Something Borrowed, Something New

When it comes to planning a modern wedding, many couples like to pay homage to the past with the time honored tradition of "Something Old, Something New, Something Borrowed, Something Blue, and a Silver Sixpence in Her Shoe." As popular as this tradition remains, what many couples don't know is how this tradition came to be.

Like many of the lasting wedding traditions still used today, this rhyme comes from an Old English folklore most likely dating back to the 19th Century. Here is some explanation as to where this tradition came from, and some ideas of how to incorporate this custom in a personal way for your big day.

Something Old


Originally, the "something old" line is said to have referred to securing protection of the bride's future baby. Today, many brides like to incorporate something old into their wedding to honor and connect their wedding day with their past. Family heirlooms are a great "something old," and can even be passed down through generations of brides. For the bride looking for her own something old, thrift stores and antiques shops offer a plethora of options for old items. Brides can use an old broach or pin in their bouquet, or find decades old jewelry to complete their bridal look. 


Something New


While "something new" is perhaps the easiest item to incorporate into your wedding, it is just as important as the other items. Your "something" new should be something that speaks to you and represents you as an individual. Your wedding day is all about celebrating you and your special someone, make sure you have something unique to you and let that shine through. Whether it's your dress, your shoes, or even your bouquet, let your "something new" reflect you.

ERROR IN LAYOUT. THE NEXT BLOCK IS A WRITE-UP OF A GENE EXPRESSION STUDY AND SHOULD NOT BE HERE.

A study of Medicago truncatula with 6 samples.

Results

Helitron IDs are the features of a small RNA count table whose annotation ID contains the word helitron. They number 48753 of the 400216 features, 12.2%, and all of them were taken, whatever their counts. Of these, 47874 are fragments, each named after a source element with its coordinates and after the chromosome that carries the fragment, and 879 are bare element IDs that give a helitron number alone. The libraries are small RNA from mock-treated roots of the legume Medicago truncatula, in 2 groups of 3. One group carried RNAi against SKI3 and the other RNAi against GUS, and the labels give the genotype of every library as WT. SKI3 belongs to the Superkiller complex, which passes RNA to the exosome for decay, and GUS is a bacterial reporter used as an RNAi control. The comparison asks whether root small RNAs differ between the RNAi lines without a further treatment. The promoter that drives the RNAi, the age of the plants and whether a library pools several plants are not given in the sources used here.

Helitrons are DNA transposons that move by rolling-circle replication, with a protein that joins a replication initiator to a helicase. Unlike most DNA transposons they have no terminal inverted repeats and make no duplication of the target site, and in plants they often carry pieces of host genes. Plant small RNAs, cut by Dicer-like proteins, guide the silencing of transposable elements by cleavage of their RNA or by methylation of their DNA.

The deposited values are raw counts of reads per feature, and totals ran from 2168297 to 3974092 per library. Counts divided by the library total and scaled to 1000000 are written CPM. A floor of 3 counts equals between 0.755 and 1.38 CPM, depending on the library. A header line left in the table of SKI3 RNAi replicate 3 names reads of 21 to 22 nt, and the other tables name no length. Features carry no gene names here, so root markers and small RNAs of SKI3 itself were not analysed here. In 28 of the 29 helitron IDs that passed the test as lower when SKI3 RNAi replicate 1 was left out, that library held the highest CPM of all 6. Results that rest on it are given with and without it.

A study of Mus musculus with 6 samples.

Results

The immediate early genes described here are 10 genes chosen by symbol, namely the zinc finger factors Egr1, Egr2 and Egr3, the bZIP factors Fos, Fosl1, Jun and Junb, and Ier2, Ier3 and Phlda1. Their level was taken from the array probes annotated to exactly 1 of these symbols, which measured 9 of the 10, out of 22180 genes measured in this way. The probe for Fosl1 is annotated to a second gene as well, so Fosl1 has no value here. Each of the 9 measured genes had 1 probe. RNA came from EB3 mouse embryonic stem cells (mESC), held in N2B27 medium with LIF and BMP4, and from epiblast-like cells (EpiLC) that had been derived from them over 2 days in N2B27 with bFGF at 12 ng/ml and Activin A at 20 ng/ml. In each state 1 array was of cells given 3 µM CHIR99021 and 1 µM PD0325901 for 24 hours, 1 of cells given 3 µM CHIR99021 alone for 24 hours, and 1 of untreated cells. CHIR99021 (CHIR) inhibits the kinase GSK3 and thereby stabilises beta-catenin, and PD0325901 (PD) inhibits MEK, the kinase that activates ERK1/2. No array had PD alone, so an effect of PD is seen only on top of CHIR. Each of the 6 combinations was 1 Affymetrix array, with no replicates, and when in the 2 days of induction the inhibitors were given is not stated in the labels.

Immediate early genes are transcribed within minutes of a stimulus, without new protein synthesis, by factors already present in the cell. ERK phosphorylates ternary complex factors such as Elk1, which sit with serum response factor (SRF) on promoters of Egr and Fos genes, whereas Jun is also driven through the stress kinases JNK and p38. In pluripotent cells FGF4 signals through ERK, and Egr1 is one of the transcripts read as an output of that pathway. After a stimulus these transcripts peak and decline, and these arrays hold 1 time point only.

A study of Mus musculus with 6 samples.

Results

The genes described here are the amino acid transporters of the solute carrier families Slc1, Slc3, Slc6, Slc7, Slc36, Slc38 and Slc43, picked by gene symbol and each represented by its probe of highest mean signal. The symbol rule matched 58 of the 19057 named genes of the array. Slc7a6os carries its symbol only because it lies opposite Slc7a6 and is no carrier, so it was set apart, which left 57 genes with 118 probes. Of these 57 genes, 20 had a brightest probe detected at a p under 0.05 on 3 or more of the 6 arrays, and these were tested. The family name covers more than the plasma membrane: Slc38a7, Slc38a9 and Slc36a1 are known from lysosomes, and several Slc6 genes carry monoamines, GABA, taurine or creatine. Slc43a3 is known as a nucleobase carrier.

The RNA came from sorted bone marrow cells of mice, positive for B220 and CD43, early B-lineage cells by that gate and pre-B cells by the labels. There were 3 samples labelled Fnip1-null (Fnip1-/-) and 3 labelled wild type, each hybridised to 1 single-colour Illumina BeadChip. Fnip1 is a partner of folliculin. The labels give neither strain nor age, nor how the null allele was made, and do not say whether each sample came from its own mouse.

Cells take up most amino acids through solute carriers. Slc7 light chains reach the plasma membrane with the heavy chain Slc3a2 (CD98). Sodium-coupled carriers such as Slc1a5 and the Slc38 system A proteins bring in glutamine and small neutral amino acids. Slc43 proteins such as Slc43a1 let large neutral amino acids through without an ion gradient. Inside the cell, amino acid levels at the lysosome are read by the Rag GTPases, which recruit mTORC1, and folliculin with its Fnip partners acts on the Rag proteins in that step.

Something Borrowed


One of my personal favorite traditions, "Something Borrowed" was originally intended to be a good luck blessing from a bride who has had a happy marriage. It would ensure the bride a happy and prosperous life with her beloved. Today, this tradition can be a special way to connect a bride to her family. Wearing the veil of a mother, sister, aunt, or grandmother can connect the bride to her past, and keep those she holds most dearly close to her as she celebrates a new chapter of her life. Other options include a borrowed dress, jewelry, bouquet, or even a borrowed date, such as the bride or groom's parents' anniversary. 


Something Blue


Finding "Something Blue" can be a challenging feat sometimes if it doesn't match your wedding colors, but think of it as a challenge to see how subtly you can incorporate a bright color into your wedding. The traditional origins of this one are a little more superstition-based, but essentially the blue was to "baffle the evil eye" according to Charlotte Sophia Burne, president of London's Folklore Society in the late 19th century. Today brides can add something blue like a garter, bouquet, necklace, nail polish, or even shoes. A new trend popping up rather than having completely blue shoes is to have nude, silver, white or whatever bridal shoes the bride desires, but add blue soles. This makes the blue less obvious, but no less special to the bride. 


A Silver Sixpence in her Shoe


Last but not least, this portion of the little rhyme seems to get left out, perhaps because it seems a little uncomfortable and impractical. While many brides forgo putting currency in their shoes, the meaning is essentially for a prosperous marriage. Similar traditions are used in various countries all over the world, most notably in Sweden where a bride will place a silver coin given to her by her father in her left shoe, and a gold coin given to her by her mother in her right. Brides that really want to stick to traditions can keep this funny little practice, just be careful your coins don't fall out while you're walking down the aisle!